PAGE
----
Saudi Arabia’s transition from King Abdullah’s rule has a high probability of being stable, although painful and slow.
Saudi Arabia’s King Abdullah has died, a statement from the royal palace has said.
The royal court said in a statement on Friday that Abdullah, believed to be around 90, died at 1:00am local time (2200 GMT), expressing its “great sadness and mourning”.
The officials did not disclose the cause of Abdullah’s death, but he was admitted to hospital in December suffering from pneumonia and had been breathing with the aid of a tube.
Al Jazeera’s Hashem Ahelbarra said: “This is someone who is definitely going to be remmebered as a reformist within the royal family.
“He succeeded his brother at a very delicate time and started reforms in the country.
Crown Prince Salman bin Abdulaziz al-Saud, deceased king’s half-brother, has officially been named as the next ruler of the world’s top oil exporter and the spiritual home of Islam. Prince Muqrin Bin Abdulaziz is the new crown prince, Saudi state TV announced.
Saudi Arabia’s Western and Arab allies, along with countries such as Israel and China, have offered their condolences on the death of the king.
Abdullah will be buried later on Friday following afternoon prayers, and citizens would be invited to pledge allegiance to the new monarch and the crown prince at the royal palace, the royal court statement said.
“We will remain with God’s strength attached to the straight path that this state has walked since its establishment by King Abdul Aziz bin al-Saud, and by his sons after him,” Salman said in televised remarks.
The new King appointed his nephew Mohammed bin Nayef as deputy crown prince, meaning he will be the first of that generation to rule the kingdom one day.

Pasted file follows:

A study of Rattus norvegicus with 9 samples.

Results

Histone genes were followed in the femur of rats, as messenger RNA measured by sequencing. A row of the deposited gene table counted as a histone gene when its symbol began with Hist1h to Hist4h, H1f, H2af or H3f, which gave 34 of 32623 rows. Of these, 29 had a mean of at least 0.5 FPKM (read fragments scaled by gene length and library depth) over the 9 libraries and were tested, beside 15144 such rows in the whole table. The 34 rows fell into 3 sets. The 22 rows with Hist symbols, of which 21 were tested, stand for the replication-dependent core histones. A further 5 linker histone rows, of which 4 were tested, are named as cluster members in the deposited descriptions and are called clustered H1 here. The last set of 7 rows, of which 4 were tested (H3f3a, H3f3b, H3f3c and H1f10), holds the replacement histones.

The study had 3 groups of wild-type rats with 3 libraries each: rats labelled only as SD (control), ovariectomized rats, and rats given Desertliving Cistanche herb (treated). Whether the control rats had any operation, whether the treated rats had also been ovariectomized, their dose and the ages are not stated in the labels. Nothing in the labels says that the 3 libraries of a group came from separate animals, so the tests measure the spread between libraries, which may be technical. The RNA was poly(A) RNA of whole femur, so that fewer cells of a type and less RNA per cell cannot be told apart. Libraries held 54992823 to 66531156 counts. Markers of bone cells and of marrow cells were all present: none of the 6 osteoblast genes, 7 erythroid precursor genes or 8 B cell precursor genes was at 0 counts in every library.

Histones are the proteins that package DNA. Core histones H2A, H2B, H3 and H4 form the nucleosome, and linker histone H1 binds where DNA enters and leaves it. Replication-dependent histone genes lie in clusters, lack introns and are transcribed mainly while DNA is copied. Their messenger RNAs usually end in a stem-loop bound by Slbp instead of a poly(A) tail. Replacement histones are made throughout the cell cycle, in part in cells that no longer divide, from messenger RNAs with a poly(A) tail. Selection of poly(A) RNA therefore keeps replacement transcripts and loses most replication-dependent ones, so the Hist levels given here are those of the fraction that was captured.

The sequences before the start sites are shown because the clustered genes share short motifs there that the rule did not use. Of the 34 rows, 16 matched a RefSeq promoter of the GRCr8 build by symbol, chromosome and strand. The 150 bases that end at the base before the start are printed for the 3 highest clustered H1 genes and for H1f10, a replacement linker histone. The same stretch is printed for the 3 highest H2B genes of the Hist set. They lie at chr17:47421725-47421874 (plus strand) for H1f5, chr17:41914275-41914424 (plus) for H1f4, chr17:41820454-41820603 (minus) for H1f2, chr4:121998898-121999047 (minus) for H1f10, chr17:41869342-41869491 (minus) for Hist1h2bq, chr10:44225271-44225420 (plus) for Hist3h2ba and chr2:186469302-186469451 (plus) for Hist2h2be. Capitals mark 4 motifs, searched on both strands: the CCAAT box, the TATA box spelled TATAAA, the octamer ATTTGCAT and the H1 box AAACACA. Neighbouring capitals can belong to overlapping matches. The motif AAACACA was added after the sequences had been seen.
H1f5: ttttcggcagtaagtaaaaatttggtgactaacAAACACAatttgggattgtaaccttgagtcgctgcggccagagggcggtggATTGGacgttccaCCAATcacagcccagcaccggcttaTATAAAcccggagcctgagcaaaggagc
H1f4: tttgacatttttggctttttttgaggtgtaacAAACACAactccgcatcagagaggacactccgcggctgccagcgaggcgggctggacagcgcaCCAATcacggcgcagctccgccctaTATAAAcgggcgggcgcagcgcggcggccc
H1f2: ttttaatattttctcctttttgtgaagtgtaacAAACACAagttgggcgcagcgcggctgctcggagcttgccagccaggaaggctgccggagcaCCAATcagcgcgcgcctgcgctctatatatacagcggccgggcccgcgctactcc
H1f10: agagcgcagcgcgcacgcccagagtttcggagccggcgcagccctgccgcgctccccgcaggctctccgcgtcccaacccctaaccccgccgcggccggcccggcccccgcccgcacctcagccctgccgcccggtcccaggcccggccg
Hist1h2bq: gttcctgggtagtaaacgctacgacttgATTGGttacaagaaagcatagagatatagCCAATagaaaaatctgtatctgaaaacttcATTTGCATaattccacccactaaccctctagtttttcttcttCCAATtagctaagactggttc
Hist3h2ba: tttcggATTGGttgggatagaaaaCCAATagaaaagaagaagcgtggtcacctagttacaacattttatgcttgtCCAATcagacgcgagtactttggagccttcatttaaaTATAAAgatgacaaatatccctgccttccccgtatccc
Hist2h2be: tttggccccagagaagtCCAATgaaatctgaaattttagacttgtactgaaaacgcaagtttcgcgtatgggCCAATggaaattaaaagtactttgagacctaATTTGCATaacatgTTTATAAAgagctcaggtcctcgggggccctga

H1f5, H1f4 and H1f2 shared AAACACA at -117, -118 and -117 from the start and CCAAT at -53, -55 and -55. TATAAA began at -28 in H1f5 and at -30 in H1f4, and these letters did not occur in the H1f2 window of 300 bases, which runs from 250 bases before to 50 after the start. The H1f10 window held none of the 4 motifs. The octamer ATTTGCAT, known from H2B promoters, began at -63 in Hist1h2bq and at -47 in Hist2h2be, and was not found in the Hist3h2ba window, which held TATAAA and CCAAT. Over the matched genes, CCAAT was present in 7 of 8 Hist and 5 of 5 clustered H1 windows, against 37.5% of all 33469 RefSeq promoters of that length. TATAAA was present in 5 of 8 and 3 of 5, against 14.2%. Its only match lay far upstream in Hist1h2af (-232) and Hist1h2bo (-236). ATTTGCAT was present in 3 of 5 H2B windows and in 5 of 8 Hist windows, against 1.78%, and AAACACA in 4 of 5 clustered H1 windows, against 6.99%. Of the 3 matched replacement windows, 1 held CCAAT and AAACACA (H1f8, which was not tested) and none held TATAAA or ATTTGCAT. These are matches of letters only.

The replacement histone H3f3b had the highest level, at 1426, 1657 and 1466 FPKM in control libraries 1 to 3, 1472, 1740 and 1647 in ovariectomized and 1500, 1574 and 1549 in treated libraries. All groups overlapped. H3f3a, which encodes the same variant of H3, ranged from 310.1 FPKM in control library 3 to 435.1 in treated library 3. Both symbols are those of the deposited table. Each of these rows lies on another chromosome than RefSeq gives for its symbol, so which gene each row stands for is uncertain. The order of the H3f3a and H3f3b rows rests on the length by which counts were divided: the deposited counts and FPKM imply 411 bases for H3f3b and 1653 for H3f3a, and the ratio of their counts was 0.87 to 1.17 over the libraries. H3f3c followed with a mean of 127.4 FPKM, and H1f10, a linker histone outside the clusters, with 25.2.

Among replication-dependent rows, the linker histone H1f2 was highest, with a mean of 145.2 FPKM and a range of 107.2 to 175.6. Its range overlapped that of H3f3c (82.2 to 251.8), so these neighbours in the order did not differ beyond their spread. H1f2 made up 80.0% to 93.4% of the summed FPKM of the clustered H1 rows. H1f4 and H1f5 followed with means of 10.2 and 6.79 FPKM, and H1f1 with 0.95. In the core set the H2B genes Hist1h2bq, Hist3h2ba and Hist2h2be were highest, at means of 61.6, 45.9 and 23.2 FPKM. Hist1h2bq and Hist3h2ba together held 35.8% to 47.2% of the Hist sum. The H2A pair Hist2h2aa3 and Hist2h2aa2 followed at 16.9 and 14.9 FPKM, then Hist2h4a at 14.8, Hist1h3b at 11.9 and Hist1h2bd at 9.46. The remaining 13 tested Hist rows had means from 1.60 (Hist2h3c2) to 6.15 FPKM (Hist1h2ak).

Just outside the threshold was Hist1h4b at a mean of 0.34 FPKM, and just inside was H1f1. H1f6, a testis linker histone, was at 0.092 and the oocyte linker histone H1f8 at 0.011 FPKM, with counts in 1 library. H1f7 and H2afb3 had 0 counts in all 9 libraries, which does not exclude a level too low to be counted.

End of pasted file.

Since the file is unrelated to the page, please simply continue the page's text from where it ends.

Prince Mohammed, who remains as Interior Minister, according to the royal decree carried on state television, is next in line to rule after Salman and Crown Prince Muqrin.
US President Barack Obama offered his condolences on King Abdullah’s death.
“As our countries worked together to confront many challenges, I always valued King Abdullah’s perspective and appreciated our genuine and warm friendship,” Obama said in a written statement.
“The closeness and strength of the partnership between our two countries is part of King Abdullah’s legacy.”
Abdullah, thought to have been born in 1923, took the throne in 2005, but had run the country as de facto regent for a decade before that after his predecessor King Fahd suffered a debilitating stroke.
At stake with the appointment of Salman as king is the future direction of the United States’ most important Arab ally and self-appointed champion of Sunni Islam at a moment of unprecedented turmoil across the Middle East.
Most recently the kingdom joined the US-led coalition carrying out air strikes against the Islamic State of Iraq and Levant.
Abdullah played a guiding role in Saudi Arabia’s support for Egypt’s government after the military intervened in 2013, and drove his country’s support for Syria’s rebellion against President Bashar al-Assad.
King Salman has been crown prince since 2012 and has been heading the defence ministry since 2011. He was governor of Riyadh province for five decades before that.